Congenital heart disease (CHD) is the most common congenital defect affecting approximately 1% of live births contributing to a significance incidence of birth-defect related mortality. CHD includes a wide range of cardiovascular phenotypes spanning localized anatomical defects to more complex abnormalities with common forms including bicuspid aortic valve (BAV) and Tetralogy of Fallot (TOF).
A significant underlying cause of CHD is genetic. Although many of the genetic variants identified disrupt genes that play a role in normal cardiac development the mechanisms are not fully understood. In addition, large scale whole exome sequencing studies are identifying increasing numbers of rare variants in these genes, however translating the position and nature of these rare variants into new biological understanding remains a challenge with a heavy reliance on relatively slow mammalian studies in which variants are studied one by one.
The goal of this studentship proposal is to develop a novel Drosophila model to accelerate the translation of genetic findings to a new mechanistic understanding of CHD and to speed up the initial screening of variants for further study. We will use the Notch pathway because of the highly conserved nature of the pathway and the large number of CHD associated rare variants identified.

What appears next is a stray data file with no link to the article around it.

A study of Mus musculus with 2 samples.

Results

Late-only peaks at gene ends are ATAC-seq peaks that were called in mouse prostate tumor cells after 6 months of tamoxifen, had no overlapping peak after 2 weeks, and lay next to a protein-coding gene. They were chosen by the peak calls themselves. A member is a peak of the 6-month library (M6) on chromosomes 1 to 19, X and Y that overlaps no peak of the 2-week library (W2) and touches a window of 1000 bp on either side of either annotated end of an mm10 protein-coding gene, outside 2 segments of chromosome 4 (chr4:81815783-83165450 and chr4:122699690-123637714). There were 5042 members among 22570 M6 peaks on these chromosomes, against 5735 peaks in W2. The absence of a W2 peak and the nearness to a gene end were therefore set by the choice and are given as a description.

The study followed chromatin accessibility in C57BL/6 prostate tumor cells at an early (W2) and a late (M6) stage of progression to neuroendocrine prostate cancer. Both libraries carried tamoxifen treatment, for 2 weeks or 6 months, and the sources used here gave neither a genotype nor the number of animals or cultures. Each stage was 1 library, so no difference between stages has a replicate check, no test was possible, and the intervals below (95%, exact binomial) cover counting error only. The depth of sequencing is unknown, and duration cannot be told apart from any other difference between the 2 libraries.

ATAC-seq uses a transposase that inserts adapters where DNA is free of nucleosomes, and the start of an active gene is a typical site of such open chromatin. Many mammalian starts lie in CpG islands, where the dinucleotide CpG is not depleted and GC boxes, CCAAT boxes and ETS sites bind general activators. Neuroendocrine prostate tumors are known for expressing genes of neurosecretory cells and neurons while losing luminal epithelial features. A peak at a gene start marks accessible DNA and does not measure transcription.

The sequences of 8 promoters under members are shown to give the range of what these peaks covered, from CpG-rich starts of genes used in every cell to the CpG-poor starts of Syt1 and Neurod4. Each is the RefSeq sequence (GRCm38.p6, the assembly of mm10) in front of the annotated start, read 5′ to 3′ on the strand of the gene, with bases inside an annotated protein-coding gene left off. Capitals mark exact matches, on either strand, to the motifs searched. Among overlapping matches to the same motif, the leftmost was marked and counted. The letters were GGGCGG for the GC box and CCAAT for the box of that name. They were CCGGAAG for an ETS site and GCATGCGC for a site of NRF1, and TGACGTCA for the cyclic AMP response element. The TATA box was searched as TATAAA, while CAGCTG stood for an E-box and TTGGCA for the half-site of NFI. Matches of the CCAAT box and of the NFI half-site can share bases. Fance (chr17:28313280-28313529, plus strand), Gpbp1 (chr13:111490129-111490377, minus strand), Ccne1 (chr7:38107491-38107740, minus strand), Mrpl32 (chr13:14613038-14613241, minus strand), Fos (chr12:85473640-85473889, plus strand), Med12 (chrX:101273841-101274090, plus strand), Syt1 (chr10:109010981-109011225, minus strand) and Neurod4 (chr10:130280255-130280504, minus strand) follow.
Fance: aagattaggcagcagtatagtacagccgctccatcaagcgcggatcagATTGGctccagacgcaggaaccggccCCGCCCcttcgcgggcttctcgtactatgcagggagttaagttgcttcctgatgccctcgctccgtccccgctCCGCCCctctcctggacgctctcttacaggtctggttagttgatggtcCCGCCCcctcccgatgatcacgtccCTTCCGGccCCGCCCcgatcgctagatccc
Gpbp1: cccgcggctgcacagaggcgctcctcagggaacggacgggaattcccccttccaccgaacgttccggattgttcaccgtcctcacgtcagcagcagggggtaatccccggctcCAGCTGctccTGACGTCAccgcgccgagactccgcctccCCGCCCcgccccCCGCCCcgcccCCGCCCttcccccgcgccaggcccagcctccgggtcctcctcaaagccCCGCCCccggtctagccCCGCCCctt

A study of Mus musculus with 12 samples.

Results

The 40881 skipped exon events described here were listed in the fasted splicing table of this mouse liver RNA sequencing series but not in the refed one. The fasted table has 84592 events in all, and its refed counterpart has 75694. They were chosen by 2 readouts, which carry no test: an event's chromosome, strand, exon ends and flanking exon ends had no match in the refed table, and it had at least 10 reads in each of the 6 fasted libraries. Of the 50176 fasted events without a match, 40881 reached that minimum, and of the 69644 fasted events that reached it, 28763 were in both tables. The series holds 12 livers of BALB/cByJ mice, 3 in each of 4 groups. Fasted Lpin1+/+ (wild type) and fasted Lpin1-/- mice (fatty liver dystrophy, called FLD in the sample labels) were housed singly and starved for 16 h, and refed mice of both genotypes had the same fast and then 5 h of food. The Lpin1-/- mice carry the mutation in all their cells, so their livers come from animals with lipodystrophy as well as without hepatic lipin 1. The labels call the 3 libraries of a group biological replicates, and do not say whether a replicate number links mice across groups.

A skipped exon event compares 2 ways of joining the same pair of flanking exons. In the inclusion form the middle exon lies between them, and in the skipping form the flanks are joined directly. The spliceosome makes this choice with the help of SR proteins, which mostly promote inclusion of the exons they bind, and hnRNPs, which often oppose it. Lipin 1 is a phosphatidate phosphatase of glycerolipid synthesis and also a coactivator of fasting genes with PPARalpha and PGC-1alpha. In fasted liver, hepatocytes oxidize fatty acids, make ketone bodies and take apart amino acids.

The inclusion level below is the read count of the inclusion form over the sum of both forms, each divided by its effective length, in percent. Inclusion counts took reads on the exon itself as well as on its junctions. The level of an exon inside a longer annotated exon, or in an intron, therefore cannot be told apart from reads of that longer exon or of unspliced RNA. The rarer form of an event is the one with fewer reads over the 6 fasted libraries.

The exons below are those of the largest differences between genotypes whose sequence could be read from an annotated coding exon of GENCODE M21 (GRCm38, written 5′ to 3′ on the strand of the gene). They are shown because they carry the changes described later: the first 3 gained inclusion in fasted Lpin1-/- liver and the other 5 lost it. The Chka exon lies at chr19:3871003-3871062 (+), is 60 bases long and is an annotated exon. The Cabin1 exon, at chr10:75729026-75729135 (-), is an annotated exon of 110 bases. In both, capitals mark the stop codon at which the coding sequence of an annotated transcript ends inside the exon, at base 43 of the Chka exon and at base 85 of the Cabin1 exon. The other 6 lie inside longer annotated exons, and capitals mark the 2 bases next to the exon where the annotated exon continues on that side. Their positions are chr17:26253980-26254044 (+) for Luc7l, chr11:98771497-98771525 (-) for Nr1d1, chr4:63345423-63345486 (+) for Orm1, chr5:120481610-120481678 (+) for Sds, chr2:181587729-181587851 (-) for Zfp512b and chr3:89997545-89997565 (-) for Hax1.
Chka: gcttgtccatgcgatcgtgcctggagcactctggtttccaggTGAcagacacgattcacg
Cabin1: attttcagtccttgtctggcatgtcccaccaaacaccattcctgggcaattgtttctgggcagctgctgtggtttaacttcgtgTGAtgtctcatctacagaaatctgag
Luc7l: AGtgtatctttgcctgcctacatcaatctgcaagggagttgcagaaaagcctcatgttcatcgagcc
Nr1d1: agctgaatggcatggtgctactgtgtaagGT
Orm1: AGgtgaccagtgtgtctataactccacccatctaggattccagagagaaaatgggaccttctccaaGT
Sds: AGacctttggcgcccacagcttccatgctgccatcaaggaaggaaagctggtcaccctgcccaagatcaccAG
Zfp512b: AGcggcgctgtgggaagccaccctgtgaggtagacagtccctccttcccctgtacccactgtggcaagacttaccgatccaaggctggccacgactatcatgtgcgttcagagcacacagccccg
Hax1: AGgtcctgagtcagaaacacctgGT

Training and environment
This studentship focuses on the cell biology of heart development in the context of human disease and invertebrate embryology. The supervisors are experts in Drosophila, chick, mouse and human heart development and the student will gain experience and exposure to be able to connect their work to these other model systems. The student will receive training in fundamental anatomy techniques, including tissue fixation, immunostaining, microscopy and 3D reconstruction, that will allow them to start a career in the anatomical sciences. The student will also have excellent opportunities to hone their teaching skills with a wide variety of modules available within the School that require practical demonstrators.